Race Report: Southam Triathlon 2014

As McCarthy celebrated ‘the race of his life’ and narrowly avoided being last across the line in the BMC 10,000 B Race – Simkiss was busy not preparing for the Southam Triathlon.

Devoted MCKEP fans will remember Simkiss taking part in this event for the first time last year, and perhaps more likely upon reading last years report, notice how far the standard of MCKEP reporting has come in a mere 12 months (not very?).

Simkiss has been somewhat off the radar recently – after a flourishing start to the road season, his form wilted and withered until he crawled his way over the finish line of the East Midlands Grand Prix series with the agility of a common garden slug.

Hiding from pellets and salty deposits, Slugboy Simkiss made a vow to do bugger all but be miserable, sliming his way through garden of mediocrity as the ‘Elite Project edged its way to the compost heap before the athlete finally decided he was going to become a fast runner.

Since then, the former MCKEP number 1 athlete has been on a strict diet of 200m and 400m reps, a weekend long run, and the occasional lactate threshold pace mile. This has resulted in a shift in speed and cadence over 200m & 400m with a pleasant ability to run slowly for long periods again (after a long period without long runs), but a distinct inability to run quickly for a sustained period – an arguably minor point in distance running.

With poor running form, Simkiss furiously clutched at straws and threw his money in the direction of the ‘Southam Lions’ in exchange for entry to their annual swim bike run competition.

I may only be a mediocre runner – but I’m also a mediocre cyclist, and an average swimmer – No other sport rewards mediocrity across three disciplines like Triathlon.

Simkiss had decided to take a “do less, race faster” approach regularly seen on the front of sporting magazines such as the fantastic “Runner’s World”. He claimed “It’s a win-win approach that simply cannot fail”. Combined with a newly purchased stupid shape aero helmet designed to make his head look like a cross between a golf ball and a traffic cone (making sure he looked even more of a tit), a top performance was inevitable.

A Lycra clad Simkiss went poolside, donning his swim cap (aka the McCarthy wig) and goggles, waited for a bit, then plopped into the pool and was away with a 3,2,1,Go.

400m, 6:29 and a few litres of swallowed water later and Simkiss was climbing out of the pool. Tottering out to his bike.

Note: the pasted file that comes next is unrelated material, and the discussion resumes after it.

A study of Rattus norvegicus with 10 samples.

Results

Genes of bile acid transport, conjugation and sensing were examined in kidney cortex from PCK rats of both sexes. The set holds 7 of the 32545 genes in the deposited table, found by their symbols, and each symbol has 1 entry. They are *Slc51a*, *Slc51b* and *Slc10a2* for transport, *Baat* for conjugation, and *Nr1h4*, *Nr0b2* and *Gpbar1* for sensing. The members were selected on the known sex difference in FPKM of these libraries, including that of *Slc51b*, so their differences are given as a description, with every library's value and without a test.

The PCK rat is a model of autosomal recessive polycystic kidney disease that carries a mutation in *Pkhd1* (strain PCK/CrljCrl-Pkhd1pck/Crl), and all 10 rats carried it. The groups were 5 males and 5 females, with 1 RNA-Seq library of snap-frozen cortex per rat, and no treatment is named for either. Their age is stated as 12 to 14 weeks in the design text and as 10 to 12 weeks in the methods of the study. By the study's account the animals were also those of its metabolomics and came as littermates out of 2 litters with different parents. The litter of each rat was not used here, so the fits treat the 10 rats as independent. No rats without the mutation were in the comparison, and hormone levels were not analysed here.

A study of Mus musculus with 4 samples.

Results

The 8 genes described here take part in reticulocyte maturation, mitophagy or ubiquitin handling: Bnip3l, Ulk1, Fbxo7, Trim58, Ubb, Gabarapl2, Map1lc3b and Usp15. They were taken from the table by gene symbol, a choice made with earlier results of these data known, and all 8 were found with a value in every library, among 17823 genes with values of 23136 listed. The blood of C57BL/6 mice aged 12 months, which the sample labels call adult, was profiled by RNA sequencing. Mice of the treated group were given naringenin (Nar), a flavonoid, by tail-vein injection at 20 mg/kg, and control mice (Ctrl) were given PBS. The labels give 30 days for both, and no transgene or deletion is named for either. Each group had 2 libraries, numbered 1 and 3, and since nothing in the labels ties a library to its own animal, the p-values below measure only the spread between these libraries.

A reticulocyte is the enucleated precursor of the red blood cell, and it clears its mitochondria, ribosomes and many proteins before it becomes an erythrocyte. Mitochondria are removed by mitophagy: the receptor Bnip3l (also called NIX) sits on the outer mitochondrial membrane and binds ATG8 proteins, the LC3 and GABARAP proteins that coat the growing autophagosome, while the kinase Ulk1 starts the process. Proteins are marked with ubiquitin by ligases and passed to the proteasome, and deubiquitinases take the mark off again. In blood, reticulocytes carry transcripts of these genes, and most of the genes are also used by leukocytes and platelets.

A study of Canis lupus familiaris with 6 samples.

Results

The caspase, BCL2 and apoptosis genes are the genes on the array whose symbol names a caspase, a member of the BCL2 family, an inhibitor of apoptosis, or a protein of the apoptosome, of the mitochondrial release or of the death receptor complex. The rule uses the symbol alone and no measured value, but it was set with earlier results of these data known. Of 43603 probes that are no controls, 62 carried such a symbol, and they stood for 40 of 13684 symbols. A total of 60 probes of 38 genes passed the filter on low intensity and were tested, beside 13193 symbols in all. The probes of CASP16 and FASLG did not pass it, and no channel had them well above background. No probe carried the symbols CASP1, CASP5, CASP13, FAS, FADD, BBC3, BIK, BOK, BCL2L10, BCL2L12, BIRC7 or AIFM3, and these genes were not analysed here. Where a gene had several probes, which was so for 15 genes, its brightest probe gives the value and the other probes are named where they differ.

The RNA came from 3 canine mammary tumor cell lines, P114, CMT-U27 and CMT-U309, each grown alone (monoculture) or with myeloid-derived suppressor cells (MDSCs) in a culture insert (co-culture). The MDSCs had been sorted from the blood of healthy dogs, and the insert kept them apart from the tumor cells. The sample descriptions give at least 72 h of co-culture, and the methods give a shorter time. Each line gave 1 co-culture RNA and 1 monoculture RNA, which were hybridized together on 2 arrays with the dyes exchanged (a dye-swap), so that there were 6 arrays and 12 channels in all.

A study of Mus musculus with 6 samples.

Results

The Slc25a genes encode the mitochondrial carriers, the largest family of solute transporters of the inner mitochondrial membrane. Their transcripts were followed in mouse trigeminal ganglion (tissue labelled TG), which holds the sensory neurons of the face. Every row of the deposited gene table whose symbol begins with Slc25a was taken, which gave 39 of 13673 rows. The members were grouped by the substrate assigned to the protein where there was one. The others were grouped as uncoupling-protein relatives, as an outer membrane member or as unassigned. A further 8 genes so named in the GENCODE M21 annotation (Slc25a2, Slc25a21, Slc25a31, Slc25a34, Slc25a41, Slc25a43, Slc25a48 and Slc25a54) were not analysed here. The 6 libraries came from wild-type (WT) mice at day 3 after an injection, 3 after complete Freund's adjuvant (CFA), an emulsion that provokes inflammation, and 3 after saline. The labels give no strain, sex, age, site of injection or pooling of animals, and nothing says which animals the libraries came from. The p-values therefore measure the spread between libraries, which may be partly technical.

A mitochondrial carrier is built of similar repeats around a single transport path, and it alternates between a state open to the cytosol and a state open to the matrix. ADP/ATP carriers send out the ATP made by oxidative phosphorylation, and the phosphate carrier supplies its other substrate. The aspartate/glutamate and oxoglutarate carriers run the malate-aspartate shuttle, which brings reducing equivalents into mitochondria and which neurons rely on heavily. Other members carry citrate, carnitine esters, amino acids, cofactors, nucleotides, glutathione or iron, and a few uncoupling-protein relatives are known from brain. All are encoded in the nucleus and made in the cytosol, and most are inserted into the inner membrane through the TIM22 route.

Helmet, Glasses, Number belt, shoes and bike – transition was complete, with the small matter of 20km cycling and a 5km running to go. This was child’s play in fact, when compared with the seemingly monumental task of trying to clip into his pedals which saw near-miss collisions with a marshal and a concrete kerb, before the athlete was finally on his way.

Pedalling away, Simkiss took no prisoners and overtook several people on the bike – catching one guy with one of them swanky carbon disc rear wheels. Carbon disc man caught Simkiss on the big ascent of Snowford Hill, but was unable to make any headway before Simkiss kicked on again near the summit.

The bike leg was completed in a surprise time of 31:39, around 40 seconds up on last year – the golf ball helmet clearly reaping big rewards; more impressively there was no somersaulting crash dismount coming into the second transition – instead it was near cramping calves as Simkiss minced his way back to his bike racking point in his cycle shoes… running straight past it before frantically back tracking.

Onto the run and Simkiss had little choice but to start steady with a right calf threatening to go into full lock down at any moment – soon followed by cramp threats in the left calf too. Thankfully by the end of the first lap (1km), the baby cows had settled and Simkiss could gradually wind up the pace to the finish. Legs feeling strong, but with the lungs bouncing off the rev-limiter.

Job Done. A 21 second improvement on last years time with less training – and in the absence of anyone better, the Winners’ Trophy was on its way to the MCKEP trophy cabinet.